De Blasio asks ICE to ban officers from identifying as NYPD

Mayor Bill de Blasio
Photo credit Anthony Behar/Sipa USA

NEW YORK (AP) — Mayor Bill de Blasio asked federal immigration authorities Friday to ban its officers from portraying themselves as local police, saying such practices drive victims and witnesses of crime “into the shadows and create fear.”

The mayor pointed to a series of reports the city has received of U.S. Immigration and Customs Enforcement officers calling themselves police officers, detectives or members of a “narcotics squad” in order to gain access to homes or make immigration arrests.

“Clearly stated, the NYPD does not want ICE agents stating or implying that they represent the NYPD,” de Blasio wrote in a letter to Tony Pham, the acting head of ICE. “Such behavior negatively affects the public safety mission of the NYPD and erodes trust in our communities.”

Messages seeking comment were sent to ICE.

The letter from de Blasio comes after agents detained Fernando Santos-Martinez in Harlem this week.

On Thursday morning around 6 a.m., agents claiming to be NYPD officers with the 34th Precinct knocked on Santos-Martinez's door, according to Council Member Ydanis Rodríguez.

“Someone who has been living in New York City for the last 30 years, raising his family, paying his taxes,” Rodríguez said.

Rodríguez, who lives right around the corner, said Santos-Martinez’s partner answered the door. She believed the agents were the NYPD, so she gave them his number. Santos-Martinez was later detained by ICE agents at the deli where he works.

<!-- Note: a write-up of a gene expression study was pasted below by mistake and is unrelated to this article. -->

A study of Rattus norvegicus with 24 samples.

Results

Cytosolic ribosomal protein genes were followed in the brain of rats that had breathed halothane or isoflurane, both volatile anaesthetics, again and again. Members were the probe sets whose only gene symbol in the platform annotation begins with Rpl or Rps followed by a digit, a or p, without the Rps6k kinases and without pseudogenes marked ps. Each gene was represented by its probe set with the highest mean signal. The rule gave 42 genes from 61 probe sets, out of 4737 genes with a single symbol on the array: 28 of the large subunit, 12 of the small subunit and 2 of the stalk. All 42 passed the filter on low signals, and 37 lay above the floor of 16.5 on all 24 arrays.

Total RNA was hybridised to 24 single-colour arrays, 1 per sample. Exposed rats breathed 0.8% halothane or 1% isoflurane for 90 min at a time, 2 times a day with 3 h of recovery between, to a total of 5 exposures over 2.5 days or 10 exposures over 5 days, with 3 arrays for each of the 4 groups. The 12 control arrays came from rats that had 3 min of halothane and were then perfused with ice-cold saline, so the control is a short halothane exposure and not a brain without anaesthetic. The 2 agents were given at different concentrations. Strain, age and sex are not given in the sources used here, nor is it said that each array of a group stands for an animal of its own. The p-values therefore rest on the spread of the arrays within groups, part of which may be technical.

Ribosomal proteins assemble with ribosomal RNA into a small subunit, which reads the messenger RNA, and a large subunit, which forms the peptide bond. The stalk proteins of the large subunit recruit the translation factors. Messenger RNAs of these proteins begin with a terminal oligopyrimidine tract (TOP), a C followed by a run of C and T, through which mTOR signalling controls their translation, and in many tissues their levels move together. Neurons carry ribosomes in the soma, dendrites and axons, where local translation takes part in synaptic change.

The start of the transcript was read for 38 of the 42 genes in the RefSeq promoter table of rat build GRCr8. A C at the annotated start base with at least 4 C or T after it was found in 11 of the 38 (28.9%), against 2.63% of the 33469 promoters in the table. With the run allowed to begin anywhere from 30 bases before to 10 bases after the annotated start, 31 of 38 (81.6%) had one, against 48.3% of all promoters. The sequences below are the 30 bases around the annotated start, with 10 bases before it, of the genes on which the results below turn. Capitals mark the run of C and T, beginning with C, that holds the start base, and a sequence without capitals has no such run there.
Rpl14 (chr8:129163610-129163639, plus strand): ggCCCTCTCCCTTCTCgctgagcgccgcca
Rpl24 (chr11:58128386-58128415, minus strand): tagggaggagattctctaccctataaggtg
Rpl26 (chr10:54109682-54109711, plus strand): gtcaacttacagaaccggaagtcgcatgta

“It’s unacceptable. It’s illegal,” said Rodríguez, adding that the state should call for an investigation.

Santos-Martinez is currently in an ICE lockup in New Jersey. He’ll face a judge on Oct. 19.

De Blasio’s letter marked the latest flashpoint in a long-simmering conflict over New York City’s so-called sanctuary policies.

Earlier this year, ICE took the city to court after the de Blasio administration balked at “immigration subpoenas” it received from the government, seeking information about a handful of inmates wanted for deportation. The city ultimately provided limited details about the inmates, even as it derided the subpoenas as a “political stunt.”

The action reflected ICE’s mounting frustration with jurisdictions that do not honor deportation “detainers” or provide any details about defendants going in and out of local custody.

De Blasio added in his letter that “New York City remains the safest big city in America in large part because of NYPD’s work to ensure that victims and witnesses of crime feel safe coming forward.”